3 Additional Steps You Should Take When Installing A Smart Door Lock
Home automation is gradually becoming a permanent part of many homes, and for good reason. Most home automation products give homeowners easy and efficient ways to carry out rather complicated tasks, and it also makes it much easier for them to customize different parts of their security. Home automation allows homeowners to take advantage of DIY protection, and utilize some of the best home security DIY systems, potentially making their home the smartest home on the block.
Some common home automation products include DIY home security alarms, surveillance systems, and smart locks. Today, the focus will be on smart locks. Homeowners can learn a lot of tricks from the way a locksmith reinforces front doors and front door locks. We will discuss some of the additional steps that homeowners have to take when they are installing a smart door lock. These steps are meant to help keep your DIY protections in perfect form while you add new smart security devices to your home.
1. Address Strike Plate Vulnerabilities
Although smart locks are very similar to traditional locks, they do have some key differences that set them apart. For instance, a traditional lock cannot be easily integrated with a DIY security system, whereas a smart lock can. However, despite these differences, these locks do share some of the same flaws, which is why homeowners will need to work on fortifying the strike plate that is used in conjunction with the smart lock being installed.
The strike plate is easy to find, even if you are not entirely sure what it is. It is a metal piece that is attached to a door jamb, and it is partly responsible for keeping the lock bolt in place. Though smart locks are futuristic in many ways, they still rely on some of the core principles of a traditional lock. Some smart locks can be paired with the strike plate that is already in place, while others come with their own additional hardware that has to be installed.
Regardless of whether it is a new or old strike plate being used, it is always a good idea to substitute the screws that are used to fasten the strike plate to the door jamb. Often ¾ inch screws are used to secure the strike plate. These screws do not offer much in terms of resistance, and they should be substituted with 3-inch screws that can securely fasten into the door jamb.
2. Protect Door Hinges
The good thing about installing a smart lock is that it already places you in the headspace to tackle DIY projects and additions to your DIY protection. For homeowners that are already traveling down this path, a great additional step would be to secure door hinges.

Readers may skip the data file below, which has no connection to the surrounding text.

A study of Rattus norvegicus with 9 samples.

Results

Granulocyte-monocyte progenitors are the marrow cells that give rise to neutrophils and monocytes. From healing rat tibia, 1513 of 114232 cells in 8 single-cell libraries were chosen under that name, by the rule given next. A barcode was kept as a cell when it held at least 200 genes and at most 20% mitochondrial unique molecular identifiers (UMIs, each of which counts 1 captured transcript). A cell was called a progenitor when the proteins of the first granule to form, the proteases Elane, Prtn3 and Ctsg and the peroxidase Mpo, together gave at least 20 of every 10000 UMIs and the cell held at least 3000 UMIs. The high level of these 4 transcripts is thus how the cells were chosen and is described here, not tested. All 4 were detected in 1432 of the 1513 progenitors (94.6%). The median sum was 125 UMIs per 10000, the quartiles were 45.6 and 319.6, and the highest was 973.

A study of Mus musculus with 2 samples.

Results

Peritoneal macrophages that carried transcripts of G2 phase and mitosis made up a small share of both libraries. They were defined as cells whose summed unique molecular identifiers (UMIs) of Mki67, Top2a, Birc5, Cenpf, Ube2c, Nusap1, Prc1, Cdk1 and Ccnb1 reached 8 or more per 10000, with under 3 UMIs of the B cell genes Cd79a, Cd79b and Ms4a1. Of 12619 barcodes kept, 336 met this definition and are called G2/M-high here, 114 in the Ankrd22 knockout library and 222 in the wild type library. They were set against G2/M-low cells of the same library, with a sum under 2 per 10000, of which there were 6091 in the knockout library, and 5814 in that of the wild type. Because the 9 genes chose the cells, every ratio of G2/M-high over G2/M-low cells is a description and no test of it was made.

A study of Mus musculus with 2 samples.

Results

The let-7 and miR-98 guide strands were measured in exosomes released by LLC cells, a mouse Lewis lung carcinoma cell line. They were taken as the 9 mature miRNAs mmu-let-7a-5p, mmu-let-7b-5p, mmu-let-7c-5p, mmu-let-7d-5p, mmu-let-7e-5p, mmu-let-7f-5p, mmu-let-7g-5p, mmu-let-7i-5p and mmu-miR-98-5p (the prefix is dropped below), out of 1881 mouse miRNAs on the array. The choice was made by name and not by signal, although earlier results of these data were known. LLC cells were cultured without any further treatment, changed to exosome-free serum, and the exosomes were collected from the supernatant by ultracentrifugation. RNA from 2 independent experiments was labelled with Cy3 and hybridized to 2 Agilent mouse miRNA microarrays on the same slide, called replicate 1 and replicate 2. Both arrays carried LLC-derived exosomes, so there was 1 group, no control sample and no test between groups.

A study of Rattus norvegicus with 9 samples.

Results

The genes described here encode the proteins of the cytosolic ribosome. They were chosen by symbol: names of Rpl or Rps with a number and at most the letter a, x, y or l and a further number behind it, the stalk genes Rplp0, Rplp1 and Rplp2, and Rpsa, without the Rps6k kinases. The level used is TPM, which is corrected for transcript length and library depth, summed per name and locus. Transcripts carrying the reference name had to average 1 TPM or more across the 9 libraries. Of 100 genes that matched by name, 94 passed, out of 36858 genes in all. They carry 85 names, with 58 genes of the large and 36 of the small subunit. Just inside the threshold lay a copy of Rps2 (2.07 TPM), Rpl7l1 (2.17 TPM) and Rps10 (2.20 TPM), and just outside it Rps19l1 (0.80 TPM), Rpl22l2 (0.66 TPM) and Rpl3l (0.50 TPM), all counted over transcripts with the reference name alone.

Door hinges are an extremely vulnerable part of door locks and security. Although they are not part of the primary smart lock hardware, no smart lock can function if door hinges are not keeping the door attached to the frame.
The danger with door hinges is the fact that they are easily accessible, which means that burglars will not necessarily have a hard time reaching them, even with the presence of DIY home security alarm. Since security revolves around layers, you cannot rely solely on a DIY home security alarm to keep you safe.
Door hinges can be protected by using set screws to keep them firmly secured to the door and the door frame, or they can be reinforced by utilizing safety studs and fast riveted pins. These kinds of DIY protections go a long way to make your smart door lock much more secure.
Another way to protect your door hinges and bolster your DIY protection is to make the door hinges inaccessible. The best way to do this is to make sure that you are using inswing doors in conjunction with your smart door locks. Inswing doors, as opposed to outswing doors, open inwards in a way that does not leave the hinges on your door exposed. This means that burglars will not be able to circumvent your smart door locks by attacking your hinges.
3. Fortify the Cross Bore
The cross bore is the space that is drilled through the door to allow the lock hardware to be properly fitted and installed. Most smart locks will require a cross bore if they are being used alongside a secure deadbolt.
The danger with the cross bored section of your door is that a portion of your door is that it is missing the material that gives it strength. Even though the lock itself is going to occupy that space, most locks have a lot of open space as well, so there is still an inherent weakness that has to be taken care of.
Homeowners can install additional protective covers when they are installing a smart door lock. Ideally, homeowners should take advantage of protective covers made from hardened steel alloys, and other robust materials that burglars cannot easily overwhelm.
The simple act of protecting any present recesses and crevices in the door will help keep your smart lock in prime working condition, and your security in tip-top shape.